NORTHERN England will “benefit massively” from rail upgrades, Boris Johnson insisted amid rising anger over plans to axe key schemes.

The Government is expected to announce on Thursday that the eastern leg of HS2 will be scrapped between the East Midlands and Leeds.

Read more: Scaled-back rail improvements 'shatter the illusion' of levelling-up

There is also frustration that improvements to east-west connections across the North, known as Northern Powerhouse Rail (NPR), are likely to involve upgrades to existing infrastructure rather than a new line between Manchester and Leeds.

At Prime Minister’s Questions in the Commons today, Labour leader Sir Keir Starmer asked Mr Johnson if he “stands by that promise” to develop the whole of HS2.

Mr Johnson replied: “I’m afraid (he) is in danger of getting hoist on his own petard.

“He needs to wait and see what we announce tomorrow, because I think he will find that the people of the North East, of the North West, the people of Leeds, the people of Nottingham, the people of Sheffield, the people of the whole of the North West and the North East of this country will benefit massively from what we are going to announce.”

Pressed by Tory backbench MP Jake Berry over whether voters were right to take him “at his word” over past promises about NPR, the Prime Minister responded: “Yes. He should wait and see what is unveiled tomorrow when he may learn something to his advantage.”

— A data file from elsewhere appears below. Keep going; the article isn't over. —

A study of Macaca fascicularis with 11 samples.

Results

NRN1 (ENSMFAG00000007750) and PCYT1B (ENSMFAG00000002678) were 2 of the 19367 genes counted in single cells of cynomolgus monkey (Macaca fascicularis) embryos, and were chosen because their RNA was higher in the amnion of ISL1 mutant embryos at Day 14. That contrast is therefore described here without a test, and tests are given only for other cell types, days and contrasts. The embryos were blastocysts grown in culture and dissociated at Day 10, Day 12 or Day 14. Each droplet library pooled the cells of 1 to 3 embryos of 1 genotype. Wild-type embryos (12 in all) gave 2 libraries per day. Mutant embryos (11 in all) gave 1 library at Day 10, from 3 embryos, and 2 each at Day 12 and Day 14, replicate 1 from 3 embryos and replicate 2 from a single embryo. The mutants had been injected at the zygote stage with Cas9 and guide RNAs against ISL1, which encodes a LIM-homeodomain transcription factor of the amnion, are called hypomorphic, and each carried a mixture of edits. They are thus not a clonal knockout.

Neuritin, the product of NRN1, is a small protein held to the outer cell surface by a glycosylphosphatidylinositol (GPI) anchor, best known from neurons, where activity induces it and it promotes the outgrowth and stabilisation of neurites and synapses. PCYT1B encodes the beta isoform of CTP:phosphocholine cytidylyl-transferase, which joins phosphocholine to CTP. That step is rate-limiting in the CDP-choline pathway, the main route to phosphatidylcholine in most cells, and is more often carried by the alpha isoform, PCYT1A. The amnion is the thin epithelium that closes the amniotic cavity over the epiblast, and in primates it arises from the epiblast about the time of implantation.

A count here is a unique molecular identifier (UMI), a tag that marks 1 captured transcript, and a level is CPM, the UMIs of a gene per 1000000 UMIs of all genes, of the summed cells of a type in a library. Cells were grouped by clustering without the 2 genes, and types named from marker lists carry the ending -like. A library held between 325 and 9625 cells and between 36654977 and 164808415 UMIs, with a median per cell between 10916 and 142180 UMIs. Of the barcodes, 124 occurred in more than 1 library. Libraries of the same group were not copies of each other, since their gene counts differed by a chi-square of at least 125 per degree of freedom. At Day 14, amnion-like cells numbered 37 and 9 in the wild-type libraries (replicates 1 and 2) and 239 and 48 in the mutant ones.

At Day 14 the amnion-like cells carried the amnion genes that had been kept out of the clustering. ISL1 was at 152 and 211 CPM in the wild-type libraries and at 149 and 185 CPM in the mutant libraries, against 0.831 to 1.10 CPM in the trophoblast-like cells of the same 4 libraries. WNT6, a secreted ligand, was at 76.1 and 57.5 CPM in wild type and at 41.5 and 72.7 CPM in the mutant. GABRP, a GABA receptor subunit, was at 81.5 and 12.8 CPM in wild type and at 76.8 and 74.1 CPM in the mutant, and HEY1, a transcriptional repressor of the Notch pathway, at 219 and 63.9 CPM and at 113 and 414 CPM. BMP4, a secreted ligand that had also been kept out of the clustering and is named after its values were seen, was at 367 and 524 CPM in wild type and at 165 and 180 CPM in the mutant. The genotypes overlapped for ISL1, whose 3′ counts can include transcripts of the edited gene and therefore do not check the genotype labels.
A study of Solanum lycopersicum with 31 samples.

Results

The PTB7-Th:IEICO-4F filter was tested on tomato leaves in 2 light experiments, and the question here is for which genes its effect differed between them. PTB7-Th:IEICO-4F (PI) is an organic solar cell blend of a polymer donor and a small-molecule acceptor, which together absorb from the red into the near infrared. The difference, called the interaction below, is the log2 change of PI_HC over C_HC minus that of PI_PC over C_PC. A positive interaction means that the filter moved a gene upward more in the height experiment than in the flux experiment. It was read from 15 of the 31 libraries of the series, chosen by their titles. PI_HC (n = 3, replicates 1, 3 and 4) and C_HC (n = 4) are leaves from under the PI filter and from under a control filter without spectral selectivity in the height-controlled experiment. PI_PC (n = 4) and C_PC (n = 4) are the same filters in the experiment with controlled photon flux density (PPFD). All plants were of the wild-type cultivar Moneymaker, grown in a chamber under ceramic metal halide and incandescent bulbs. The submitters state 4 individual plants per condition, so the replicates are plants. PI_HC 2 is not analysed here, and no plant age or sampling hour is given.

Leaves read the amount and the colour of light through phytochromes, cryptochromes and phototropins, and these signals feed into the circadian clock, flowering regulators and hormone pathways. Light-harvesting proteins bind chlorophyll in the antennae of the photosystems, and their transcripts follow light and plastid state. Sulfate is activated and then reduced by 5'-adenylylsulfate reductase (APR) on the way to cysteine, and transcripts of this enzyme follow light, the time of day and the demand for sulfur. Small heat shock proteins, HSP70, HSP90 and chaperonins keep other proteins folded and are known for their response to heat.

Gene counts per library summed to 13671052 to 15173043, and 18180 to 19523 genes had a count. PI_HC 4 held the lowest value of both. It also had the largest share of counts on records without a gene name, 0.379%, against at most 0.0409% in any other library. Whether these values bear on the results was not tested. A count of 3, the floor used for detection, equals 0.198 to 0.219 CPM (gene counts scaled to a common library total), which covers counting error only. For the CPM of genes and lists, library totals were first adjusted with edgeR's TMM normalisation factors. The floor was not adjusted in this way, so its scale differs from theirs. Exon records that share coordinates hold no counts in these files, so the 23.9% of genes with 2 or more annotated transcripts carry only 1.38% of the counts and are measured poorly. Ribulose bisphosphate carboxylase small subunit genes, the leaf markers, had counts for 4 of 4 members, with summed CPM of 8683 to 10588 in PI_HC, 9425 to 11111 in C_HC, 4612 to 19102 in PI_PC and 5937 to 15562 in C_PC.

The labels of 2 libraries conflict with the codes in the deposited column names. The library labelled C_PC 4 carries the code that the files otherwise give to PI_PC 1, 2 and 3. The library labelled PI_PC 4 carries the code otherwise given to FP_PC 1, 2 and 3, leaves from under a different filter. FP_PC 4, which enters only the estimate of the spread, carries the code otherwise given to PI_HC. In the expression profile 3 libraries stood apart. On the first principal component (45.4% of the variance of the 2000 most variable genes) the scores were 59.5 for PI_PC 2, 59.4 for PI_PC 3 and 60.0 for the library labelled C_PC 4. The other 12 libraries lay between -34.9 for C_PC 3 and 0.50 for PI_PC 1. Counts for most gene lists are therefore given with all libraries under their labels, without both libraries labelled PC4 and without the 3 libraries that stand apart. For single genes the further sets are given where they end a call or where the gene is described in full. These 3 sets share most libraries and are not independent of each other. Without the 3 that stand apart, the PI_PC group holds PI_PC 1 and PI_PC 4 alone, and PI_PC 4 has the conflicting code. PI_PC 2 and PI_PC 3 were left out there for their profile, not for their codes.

The measures will be announced by Transport Secretary Grant Shapps when he publishes the Integrated Rail Plan on Thursday.

In the Commons today Labour leader Sir Keir Starmer asked Boris Johnson if he “will he stick by that promise” on Crossrail for the North.

He said: “Trust matters and after the last fortnight the Prime Minister’s got a lot of work to do.

"A central plank in this Government’s promise to the North of England is a Crossrail of the North, with at least an entirely new high speed rail line between Manchester and Leeds.

“A Crossrail for the North, an entirely new line, that is the promise, it’s already been made, so I don’t want the Prime Minister fobbing off the House about waiting until tomorrow, he can say today, will he stick by that promise, yes or no?”

Mr Johnson replied: “When we produce our integrated rail plan tomorrow people across the House and across the country will see what we are doing to cut journey times, to make life easier and better for people in the North East, in the North West, in the Midlands, across the whole of the North of the country.

“And with the biggest programme of investment in rail for a century and what we are doing, is we are giving people in those communities the same access to commuter-type services that people in the south east of this country have felt entitled to for more than a century, and that is going to be levelling-up across the whole of the UK.”

The Department for Transport is expected to argue that HS2 trains will still serve Leeds, but putting them on mainline tracks north of the East Midlands rather than on high-speed lines will save tens of billions of pounds.

It will insist its plan to invest £96 billion on the existing network will deliver benefits faster and more cost-effectively.

But MPs and officials in the North-East have voiced concern this week that the region could miss out on a vital economic boost if there is inadequate investment in northern rail infrastructure.